Cambridge joins international partners in Singapore as country's flagship research programme celebrates 10th anniversary23 Jan 2018
An international symposium at Singapore’s CREATE campus highlights the global challenges of sustainable energy and suggests innovative ways of reducing industry’s carbon footprint
Kate Gross was just 36 years old when she died of cancer. Researchers at Cambridge – including her husband – are trying to ensure that others receive their diagnoses early enough to stop their cancer.
The Government have announced £5.4 million in funding to launch the Centre for Digital Built Britain at the University of Cambridge, which will help people make better use of cities by championing the digital revolution in the built environment. The Centre is part of a landmark government-led investment in growing the UK’s construction sector.
How effective is psychological targeting in advertising? Dr Sandra Matz, a former PhD student at Cambridge now based at Columbia University, and her co-authors, including Dr David Stillwell from the Cambridge Psychometrics Centre, have published a new study which demonstrates that companies only need one Facebook ‘like’ to effectively target potential customers.
Andy Neely is Cambridge’s Pro-Vice-Chancellor for Enterprise and Business Relations, a role which oversees the University’s activities in innovation, commercialisation and entrepreneurship. After six months in the role, he sees an entrepreneurial ecosystem that may appear complex at first – but a deeper examination reveals a combination of knowledge, expertise, support and infrastructure that makes Cambridge one of the most enterprising and entrepreneurial cities in the world.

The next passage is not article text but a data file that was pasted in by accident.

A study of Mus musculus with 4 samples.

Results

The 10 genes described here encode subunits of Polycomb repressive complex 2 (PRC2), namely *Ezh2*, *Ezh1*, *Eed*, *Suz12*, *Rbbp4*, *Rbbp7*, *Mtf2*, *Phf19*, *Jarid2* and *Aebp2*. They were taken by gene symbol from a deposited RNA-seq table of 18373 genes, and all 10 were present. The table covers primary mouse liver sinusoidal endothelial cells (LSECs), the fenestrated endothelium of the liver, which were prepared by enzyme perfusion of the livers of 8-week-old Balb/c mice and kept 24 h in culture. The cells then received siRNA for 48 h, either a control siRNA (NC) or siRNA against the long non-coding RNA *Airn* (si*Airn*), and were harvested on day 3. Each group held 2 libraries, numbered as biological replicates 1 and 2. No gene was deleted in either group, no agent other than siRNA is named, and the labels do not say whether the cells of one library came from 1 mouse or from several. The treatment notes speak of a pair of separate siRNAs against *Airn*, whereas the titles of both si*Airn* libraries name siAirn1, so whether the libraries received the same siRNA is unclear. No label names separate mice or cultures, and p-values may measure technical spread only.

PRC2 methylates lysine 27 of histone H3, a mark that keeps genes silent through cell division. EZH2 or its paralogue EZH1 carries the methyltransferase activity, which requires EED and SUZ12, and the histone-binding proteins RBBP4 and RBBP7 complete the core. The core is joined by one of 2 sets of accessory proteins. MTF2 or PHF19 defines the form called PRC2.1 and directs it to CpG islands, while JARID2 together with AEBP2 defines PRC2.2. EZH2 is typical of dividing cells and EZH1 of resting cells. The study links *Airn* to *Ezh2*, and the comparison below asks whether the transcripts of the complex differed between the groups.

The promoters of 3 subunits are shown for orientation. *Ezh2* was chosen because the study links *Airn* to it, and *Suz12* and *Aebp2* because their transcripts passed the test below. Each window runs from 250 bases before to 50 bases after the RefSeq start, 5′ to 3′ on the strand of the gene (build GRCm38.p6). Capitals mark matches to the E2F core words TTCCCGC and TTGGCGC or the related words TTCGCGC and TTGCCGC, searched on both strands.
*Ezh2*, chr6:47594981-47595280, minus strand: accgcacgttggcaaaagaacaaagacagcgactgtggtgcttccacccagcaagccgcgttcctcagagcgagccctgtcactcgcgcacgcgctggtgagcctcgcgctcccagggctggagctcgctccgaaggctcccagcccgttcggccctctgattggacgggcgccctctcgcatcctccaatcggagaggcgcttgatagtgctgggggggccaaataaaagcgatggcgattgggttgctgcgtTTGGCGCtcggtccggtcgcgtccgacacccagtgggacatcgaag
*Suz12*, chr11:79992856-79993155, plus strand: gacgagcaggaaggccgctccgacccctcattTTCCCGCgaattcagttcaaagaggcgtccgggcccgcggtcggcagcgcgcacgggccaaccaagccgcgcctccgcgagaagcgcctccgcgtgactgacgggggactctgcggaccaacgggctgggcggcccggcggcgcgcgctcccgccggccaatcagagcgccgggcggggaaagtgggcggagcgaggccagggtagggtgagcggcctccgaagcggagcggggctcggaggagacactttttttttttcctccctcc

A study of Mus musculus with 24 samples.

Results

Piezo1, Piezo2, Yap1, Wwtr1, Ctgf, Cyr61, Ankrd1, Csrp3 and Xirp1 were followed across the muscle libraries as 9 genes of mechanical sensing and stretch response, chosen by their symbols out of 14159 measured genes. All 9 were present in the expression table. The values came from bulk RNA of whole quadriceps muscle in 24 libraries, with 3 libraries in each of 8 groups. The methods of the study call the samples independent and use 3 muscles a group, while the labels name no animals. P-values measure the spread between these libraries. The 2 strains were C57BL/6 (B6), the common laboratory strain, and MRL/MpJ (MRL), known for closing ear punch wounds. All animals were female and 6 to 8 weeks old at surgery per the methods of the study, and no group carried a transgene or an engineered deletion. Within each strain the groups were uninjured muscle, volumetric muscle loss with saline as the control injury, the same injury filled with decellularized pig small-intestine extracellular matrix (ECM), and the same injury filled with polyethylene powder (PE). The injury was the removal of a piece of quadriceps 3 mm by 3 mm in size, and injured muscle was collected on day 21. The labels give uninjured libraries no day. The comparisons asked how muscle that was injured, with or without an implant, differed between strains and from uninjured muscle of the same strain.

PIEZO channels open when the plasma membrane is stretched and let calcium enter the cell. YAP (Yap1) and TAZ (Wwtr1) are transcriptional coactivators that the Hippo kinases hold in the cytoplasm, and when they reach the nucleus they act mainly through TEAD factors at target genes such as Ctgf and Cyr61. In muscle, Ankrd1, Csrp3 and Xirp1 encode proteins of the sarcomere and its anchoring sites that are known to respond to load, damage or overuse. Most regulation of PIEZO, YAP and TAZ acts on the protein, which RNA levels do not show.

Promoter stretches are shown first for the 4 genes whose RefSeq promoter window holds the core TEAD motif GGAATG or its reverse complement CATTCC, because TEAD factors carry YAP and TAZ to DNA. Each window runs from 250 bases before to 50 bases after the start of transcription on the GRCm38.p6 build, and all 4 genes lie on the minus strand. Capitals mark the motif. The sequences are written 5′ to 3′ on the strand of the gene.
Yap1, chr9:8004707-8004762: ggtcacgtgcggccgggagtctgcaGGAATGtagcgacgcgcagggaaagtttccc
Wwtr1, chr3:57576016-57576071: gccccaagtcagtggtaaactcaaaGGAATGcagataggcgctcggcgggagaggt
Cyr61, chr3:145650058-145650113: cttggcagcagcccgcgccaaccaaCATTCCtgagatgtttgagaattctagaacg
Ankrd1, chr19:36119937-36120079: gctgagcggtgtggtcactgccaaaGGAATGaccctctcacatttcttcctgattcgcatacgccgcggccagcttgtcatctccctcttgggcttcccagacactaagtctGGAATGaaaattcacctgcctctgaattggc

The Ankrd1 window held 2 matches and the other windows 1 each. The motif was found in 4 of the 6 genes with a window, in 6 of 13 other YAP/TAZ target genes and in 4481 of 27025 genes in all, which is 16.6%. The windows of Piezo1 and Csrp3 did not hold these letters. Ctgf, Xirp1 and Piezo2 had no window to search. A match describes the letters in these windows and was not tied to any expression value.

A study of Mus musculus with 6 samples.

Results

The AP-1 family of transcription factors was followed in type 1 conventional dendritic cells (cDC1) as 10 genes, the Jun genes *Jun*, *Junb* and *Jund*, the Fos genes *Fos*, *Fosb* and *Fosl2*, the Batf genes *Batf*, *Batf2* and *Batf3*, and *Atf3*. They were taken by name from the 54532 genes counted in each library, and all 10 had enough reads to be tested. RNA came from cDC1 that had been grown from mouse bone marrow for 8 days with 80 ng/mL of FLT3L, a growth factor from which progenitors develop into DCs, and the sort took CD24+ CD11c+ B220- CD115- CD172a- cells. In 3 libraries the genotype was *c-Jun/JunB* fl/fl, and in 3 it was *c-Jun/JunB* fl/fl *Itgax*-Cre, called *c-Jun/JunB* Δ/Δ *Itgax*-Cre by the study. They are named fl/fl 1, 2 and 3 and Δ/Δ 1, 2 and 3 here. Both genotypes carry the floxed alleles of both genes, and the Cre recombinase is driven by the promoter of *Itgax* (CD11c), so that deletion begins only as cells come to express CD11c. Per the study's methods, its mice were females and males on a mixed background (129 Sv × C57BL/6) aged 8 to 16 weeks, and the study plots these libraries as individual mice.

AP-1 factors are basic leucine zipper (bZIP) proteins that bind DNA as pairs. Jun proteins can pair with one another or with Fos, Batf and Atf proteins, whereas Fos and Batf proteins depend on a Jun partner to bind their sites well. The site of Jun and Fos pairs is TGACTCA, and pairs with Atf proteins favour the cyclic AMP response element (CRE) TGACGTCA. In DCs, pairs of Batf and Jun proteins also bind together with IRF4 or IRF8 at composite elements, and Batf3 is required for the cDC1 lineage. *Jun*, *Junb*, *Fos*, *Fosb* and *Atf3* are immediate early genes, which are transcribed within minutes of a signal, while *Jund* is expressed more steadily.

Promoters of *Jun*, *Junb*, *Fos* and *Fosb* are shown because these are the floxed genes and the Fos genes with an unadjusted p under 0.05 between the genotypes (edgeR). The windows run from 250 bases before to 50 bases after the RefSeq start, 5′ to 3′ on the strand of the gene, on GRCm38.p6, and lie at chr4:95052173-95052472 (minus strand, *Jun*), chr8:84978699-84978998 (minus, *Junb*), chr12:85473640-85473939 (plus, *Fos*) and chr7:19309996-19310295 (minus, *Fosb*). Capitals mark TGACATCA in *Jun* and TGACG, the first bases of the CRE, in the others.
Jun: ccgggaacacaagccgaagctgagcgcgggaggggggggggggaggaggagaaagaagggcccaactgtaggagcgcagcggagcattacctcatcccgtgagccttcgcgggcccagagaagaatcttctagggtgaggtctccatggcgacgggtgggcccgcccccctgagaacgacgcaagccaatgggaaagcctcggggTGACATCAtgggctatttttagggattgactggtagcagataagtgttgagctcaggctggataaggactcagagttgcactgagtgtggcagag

Researchers have successfully incorporated washable, stretchable and breathable electronic circuits into fabric, opening up new possibilities for smart textiles and wearable electronics. The circuits were made with cheap, safe and environmentally friendly inks, and printed using conventional inkjet printing techniques.
When it comes to starting social enterprises, Paul Tracey and Neil Stott would love "to see a thousand flowers bloom". But doing good for society isn’t as straightforward as it sounds and even the best ideas can fail. Their research aims to understand the elements that are needed to help social ventures thrive.
Nanobots that patrol our bodies, killer immune cells hunting and destroying cancer cells, biological scissors that cut out defective genes: these are just some of technologies that Cambridge researchers are developing which are set to revolutionise medicine in the future.